Apple Watch demand is worse than expected, says Pacific Crest analyst Andy Hargreaves.
Here’s Hargreaves in a new report:
Store visits, Google search volume, third-party data and recent supply checks all suggest demand for Apple Watch has fallen sharply from initial levels. We believe strong initial demand should allow Apple to meet or exceed our FQ3 unit estimate of 5.5 million, and the ongoing global rollout should support relatively strong volume in FQ4. Consequently, we are reducing our F2015 estimate only slightly to 10.5 million from 11.0 million. However, soft follow-on demand appears likely to drive F2016 volume more meaningfully below our previous expectations. As a result, we are reducing our F2016 Apple Watch unit estimate to 21 million from 24 million.
Hargreaves previously noted that Google Trends showed people are more interested in the iPod than the Apple Watch, which is not a great sign since the iPod is dead and the Apple Watch is supposed to be the next major product for Apple.
He’s not the only analyst whispering about watch weakness. Neil Cybart at Above Avalon relays the following:
On Apple’s last earnings quarter, Toni Sacconaghi of Sanford Bernstein took issue with Tim Cook’s attitude and tone when discussing Apple Watch. Here’s Sacconaghi:
“I just wanted to revisit the watch. Tim, I think you’ve said, when you were talking about your new products, you said we’re ‘very happy with the reception’ and in response to a previous answer, you said, ‘relative to demand, it’s hard to gauge with no product in the stores.’ I would say relative to other product launches, where your commentary around demand was characterised by superlative after superlative, that assessment feels very modest.”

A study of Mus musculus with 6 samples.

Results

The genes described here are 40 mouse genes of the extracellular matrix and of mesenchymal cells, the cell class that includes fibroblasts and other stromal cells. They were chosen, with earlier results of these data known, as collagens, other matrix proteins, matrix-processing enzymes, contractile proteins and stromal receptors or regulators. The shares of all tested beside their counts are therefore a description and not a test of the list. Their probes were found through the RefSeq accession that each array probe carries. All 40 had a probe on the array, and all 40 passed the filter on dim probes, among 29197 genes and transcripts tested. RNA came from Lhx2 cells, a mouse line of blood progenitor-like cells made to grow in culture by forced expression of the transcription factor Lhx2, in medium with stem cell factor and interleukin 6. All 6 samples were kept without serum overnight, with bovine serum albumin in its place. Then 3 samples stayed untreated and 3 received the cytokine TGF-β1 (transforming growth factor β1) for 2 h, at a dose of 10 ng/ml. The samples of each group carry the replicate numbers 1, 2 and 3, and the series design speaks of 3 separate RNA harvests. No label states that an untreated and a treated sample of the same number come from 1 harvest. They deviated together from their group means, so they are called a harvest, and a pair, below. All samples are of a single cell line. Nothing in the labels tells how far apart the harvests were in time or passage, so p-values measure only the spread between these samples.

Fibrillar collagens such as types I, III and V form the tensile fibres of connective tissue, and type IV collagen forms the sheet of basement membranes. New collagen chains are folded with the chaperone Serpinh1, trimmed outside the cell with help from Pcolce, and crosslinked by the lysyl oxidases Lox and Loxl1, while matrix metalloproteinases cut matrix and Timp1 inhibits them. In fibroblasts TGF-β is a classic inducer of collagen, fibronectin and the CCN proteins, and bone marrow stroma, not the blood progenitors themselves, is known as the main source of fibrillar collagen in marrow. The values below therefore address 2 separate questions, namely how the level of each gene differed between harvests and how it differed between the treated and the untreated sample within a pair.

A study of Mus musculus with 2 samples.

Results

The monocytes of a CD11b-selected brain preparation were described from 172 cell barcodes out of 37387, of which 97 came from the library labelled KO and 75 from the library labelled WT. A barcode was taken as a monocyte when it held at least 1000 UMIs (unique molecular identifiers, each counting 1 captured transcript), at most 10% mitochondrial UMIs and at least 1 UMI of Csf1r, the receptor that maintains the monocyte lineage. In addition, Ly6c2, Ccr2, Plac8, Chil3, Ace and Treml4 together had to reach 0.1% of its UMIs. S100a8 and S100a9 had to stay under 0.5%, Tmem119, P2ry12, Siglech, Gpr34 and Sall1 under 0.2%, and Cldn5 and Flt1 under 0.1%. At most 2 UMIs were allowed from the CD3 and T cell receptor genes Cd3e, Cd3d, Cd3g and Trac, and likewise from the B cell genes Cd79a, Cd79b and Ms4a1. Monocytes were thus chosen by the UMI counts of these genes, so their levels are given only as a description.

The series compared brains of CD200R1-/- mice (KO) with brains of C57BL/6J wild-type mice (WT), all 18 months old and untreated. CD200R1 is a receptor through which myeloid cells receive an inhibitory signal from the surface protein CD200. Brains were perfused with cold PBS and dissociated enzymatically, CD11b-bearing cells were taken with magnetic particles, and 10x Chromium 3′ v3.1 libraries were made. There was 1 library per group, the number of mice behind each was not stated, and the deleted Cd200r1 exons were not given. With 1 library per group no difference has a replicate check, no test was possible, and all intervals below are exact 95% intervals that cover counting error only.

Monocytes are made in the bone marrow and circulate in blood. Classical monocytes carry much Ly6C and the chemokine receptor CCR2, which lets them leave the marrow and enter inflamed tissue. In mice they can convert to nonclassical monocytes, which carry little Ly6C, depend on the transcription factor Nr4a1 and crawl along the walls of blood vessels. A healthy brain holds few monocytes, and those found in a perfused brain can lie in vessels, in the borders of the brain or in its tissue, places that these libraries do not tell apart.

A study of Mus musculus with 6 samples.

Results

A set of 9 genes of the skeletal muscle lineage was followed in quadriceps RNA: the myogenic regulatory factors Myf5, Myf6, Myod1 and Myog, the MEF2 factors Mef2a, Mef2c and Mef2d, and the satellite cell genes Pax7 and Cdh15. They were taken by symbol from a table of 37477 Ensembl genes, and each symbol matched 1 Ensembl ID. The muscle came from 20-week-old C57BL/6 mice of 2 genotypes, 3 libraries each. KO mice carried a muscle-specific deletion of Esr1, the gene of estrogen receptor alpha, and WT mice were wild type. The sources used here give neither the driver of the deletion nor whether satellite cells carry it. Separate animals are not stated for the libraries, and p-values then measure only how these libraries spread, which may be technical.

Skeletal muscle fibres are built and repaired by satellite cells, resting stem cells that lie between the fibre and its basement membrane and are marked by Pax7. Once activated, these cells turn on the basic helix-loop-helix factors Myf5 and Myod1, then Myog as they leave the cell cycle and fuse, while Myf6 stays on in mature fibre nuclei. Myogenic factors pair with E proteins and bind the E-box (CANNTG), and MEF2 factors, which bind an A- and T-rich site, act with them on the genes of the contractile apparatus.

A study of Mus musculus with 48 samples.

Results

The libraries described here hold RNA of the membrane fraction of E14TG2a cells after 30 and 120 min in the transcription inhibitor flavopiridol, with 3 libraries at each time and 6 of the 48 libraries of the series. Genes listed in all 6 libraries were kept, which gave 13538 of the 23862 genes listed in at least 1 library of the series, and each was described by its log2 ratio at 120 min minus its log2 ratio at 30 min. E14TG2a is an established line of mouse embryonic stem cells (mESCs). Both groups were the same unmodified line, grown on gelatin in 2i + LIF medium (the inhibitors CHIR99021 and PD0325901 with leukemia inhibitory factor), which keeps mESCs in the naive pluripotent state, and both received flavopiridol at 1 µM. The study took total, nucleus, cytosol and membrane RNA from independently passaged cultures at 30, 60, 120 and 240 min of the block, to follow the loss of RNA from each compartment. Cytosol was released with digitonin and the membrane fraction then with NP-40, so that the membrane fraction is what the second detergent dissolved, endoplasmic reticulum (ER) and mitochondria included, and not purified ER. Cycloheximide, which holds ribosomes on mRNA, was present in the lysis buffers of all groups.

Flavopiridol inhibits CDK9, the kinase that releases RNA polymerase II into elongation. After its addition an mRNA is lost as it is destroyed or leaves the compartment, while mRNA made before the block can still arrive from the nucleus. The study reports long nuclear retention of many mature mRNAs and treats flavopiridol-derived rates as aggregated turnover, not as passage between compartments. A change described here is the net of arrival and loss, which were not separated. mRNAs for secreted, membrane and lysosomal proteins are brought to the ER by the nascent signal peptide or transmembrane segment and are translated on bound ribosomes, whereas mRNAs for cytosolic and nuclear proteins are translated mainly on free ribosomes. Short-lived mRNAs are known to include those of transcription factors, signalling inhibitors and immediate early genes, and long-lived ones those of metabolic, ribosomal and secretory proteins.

Tim responded, “I’m thrilled with it, Tony, so I don’t want you to read anything I’m saying any way other than that. So I’m not sure how to say that any clearer than that.” Sacconaghi recently visited with Tim Cook and Luca Maestri and once again he made note of their demeanour, saying their tone was “confident, though not ebullient.”
This is not exactly the most damning thing you can read, but it’s enough to start some concern about the watch in analyst land.
Even if the watch is a flop, it doesn’t matter. The iPhone is killing it for Apple, and that’s how it makes money. Any sales of the watch are a nice bonus.
It’s possible the watch just isn’t going to be a major product, at least not right away. It may take years of refinement before it really breaks out.
Before Apple launched the watch, Cook noted that young people don’t wear watches.
Speaking at a tech conference in 2013, Cook said, “If we had a room full of 10- to 20-year-olds, and we said ‘Everyone stand up that has a watch on,’ I’m not sure anyone would stand up'”.
“There’s nothing great out there that I’ve seen,” Cook continued. “There’s nothing that’s going to convince a kid who has never worn glasses, or a band, or a watch, or whatever, to wear one, or at least I haven’t seen it. I think there’s lots of things to solve in this space, but it’s an area that’s ripe for exploration.”